The leader of Iraq's Kurds said Wednesday his region's forces had destroyed the Islamic State group's reputation for invincibility but now need help dealing with a flood of refugees.
After talks with President Barack Obama in Washington, Massud Barzani thanked US-led forces for their air support in the battle against the jihadists, but called for more humanitarian aid.
“We are proud of what we have achieved, because we believe we are on the frontline fighting on behalf of the free world this brutal terrorist organization,” Barzani said.
“And it was by the hands of the peshmerga forces that they were able to destroy the myth of ISIS being this invincible force, but this has been a costly war.”
Barzani said 1,200 Kurdish peshmerga troops have been killed fighting to hold back the IS forces that swept out of their bases in Iraq and Syria last year and seized several cities.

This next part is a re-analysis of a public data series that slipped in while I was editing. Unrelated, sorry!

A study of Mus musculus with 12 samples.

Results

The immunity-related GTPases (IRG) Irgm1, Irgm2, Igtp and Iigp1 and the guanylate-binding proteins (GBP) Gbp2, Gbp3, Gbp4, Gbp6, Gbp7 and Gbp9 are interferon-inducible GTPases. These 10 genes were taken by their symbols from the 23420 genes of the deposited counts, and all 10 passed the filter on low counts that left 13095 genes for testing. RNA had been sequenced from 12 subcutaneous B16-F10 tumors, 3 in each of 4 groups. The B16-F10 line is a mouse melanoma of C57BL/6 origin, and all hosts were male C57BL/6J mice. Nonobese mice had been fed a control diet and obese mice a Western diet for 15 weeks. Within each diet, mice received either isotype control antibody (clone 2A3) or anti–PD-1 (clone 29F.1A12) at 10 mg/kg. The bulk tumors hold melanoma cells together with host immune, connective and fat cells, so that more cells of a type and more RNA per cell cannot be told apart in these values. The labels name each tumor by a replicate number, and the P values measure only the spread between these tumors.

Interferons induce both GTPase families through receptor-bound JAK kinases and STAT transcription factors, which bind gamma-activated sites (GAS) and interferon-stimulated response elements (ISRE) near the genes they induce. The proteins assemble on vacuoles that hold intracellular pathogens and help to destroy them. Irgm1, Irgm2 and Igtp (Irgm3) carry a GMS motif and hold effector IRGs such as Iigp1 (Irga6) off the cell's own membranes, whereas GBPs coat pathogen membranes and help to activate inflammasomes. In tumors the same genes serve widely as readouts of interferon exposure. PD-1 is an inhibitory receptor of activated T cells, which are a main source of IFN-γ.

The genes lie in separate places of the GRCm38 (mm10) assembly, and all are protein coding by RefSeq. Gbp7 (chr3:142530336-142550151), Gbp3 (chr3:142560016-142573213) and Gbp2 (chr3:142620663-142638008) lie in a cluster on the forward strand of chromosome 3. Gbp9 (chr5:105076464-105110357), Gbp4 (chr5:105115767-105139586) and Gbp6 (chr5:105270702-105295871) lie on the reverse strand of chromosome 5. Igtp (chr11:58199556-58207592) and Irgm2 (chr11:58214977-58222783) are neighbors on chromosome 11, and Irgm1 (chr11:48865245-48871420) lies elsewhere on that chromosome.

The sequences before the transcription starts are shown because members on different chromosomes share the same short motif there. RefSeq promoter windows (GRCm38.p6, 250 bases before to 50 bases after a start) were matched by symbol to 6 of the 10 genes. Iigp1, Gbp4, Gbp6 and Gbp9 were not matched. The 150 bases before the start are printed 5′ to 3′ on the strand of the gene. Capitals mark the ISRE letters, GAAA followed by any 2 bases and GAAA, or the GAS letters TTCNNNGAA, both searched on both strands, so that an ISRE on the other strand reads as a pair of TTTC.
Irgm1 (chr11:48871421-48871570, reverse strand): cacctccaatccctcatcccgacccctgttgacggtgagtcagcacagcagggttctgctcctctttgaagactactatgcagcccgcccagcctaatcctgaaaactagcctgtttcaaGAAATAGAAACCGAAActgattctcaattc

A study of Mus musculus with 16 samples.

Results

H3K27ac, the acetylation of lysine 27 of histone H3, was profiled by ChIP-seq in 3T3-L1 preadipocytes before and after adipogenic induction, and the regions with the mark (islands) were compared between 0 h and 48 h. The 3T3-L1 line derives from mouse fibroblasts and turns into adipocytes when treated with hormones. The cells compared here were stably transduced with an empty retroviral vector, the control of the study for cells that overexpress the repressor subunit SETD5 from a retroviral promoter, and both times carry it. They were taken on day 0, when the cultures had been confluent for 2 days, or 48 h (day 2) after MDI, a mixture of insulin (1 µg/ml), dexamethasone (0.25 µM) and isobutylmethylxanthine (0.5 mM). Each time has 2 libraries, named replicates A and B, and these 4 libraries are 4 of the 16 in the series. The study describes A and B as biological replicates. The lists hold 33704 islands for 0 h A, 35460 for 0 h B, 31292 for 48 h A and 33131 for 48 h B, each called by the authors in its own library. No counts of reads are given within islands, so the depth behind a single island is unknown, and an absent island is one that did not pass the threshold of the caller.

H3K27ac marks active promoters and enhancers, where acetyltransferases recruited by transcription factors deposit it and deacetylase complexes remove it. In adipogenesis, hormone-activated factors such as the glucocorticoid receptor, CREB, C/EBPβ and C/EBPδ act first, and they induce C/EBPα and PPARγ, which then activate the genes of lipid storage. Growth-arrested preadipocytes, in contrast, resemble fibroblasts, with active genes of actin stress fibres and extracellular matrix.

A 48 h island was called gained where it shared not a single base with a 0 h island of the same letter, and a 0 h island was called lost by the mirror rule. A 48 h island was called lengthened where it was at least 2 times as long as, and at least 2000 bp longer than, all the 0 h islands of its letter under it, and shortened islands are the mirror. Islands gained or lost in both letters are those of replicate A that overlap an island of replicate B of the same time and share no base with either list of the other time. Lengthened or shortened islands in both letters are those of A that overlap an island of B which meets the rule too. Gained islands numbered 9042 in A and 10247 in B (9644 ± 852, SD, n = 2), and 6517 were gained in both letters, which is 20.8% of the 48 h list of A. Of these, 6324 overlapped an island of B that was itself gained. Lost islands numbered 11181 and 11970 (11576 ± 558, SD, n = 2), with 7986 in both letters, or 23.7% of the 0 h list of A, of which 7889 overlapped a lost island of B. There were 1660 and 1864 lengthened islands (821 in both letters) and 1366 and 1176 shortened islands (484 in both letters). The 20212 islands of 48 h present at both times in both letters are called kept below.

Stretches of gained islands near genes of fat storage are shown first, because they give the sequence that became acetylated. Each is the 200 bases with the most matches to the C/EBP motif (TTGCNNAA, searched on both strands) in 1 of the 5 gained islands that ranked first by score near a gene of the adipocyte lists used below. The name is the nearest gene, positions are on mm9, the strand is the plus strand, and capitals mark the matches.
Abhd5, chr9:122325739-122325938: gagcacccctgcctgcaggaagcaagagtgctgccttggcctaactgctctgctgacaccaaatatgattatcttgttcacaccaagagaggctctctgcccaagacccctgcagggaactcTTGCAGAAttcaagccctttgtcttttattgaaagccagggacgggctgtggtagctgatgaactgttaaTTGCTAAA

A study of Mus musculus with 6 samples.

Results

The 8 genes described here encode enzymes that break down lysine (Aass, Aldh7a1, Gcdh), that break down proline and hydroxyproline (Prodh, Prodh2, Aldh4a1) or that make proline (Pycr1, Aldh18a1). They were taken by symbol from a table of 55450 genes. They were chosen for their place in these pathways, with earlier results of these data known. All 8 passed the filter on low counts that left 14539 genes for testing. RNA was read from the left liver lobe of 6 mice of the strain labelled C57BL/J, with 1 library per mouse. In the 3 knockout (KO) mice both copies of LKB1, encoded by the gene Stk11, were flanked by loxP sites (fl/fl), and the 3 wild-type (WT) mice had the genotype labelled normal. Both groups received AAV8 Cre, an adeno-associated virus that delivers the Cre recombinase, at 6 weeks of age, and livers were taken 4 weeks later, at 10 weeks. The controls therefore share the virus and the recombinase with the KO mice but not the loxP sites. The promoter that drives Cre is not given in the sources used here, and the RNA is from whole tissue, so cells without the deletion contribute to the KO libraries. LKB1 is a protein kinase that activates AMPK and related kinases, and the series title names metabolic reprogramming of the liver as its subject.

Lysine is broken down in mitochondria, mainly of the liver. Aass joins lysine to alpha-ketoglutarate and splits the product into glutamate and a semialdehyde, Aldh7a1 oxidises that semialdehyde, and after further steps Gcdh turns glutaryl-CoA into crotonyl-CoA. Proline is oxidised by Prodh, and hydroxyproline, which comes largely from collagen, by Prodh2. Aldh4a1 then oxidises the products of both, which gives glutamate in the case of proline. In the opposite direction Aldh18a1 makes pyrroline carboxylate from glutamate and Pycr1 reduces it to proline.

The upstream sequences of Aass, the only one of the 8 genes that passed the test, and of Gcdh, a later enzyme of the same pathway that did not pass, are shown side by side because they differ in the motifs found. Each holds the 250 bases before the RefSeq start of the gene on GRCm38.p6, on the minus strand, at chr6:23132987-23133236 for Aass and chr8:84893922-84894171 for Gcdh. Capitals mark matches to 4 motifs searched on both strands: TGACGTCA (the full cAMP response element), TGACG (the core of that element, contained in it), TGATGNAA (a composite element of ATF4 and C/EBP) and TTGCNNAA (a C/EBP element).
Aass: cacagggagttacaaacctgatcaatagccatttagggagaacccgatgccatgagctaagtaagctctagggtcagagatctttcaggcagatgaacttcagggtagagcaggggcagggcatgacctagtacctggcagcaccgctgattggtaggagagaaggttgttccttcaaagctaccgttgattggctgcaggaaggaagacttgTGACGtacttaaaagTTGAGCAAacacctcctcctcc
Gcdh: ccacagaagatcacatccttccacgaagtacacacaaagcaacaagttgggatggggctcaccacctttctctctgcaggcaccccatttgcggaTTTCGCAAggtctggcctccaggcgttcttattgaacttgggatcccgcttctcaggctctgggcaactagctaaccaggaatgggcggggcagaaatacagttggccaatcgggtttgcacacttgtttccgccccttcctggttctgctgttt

Kurdish forces prevented IS from advancing far from the mainly Arab cities they have seized in Iraq and into the area controlled by Barzani’s autonomous Kurdish region.
But they now find themselves dealing with “more than one-and-a-half million refugees and internally displaced people,” many from ethnic and religious minority groups that are prey to the Sunni Islamist extremists.
“We believe that we have a humanitarian as well as a national responsibility,” he told guests at Washington think tank the Atlantic Council. “But of course the burden is huge and we cannot afford it alone.
“That’s why we call upon the United States and our friends in the international community to come and help the Kurdistan regional authority with these needs.”
Barzani said he had met with the leaders of the Christian, Turkmen and Yazidi minorities and had assured them that the Islamic State threat can be defeated.
And he told them: “We do not want any of you to think about leaving the country, going to be asylum-seekers abroad. I assure you that we will be together. Either we will live freely in our country or we will die together.”
The Kurdish leader confirmed he regarded his Tuesday meeting with Obama as successful, and that he believes the United States will find a way to better arm his forces, but would not be drawn on specific pledges from the US side.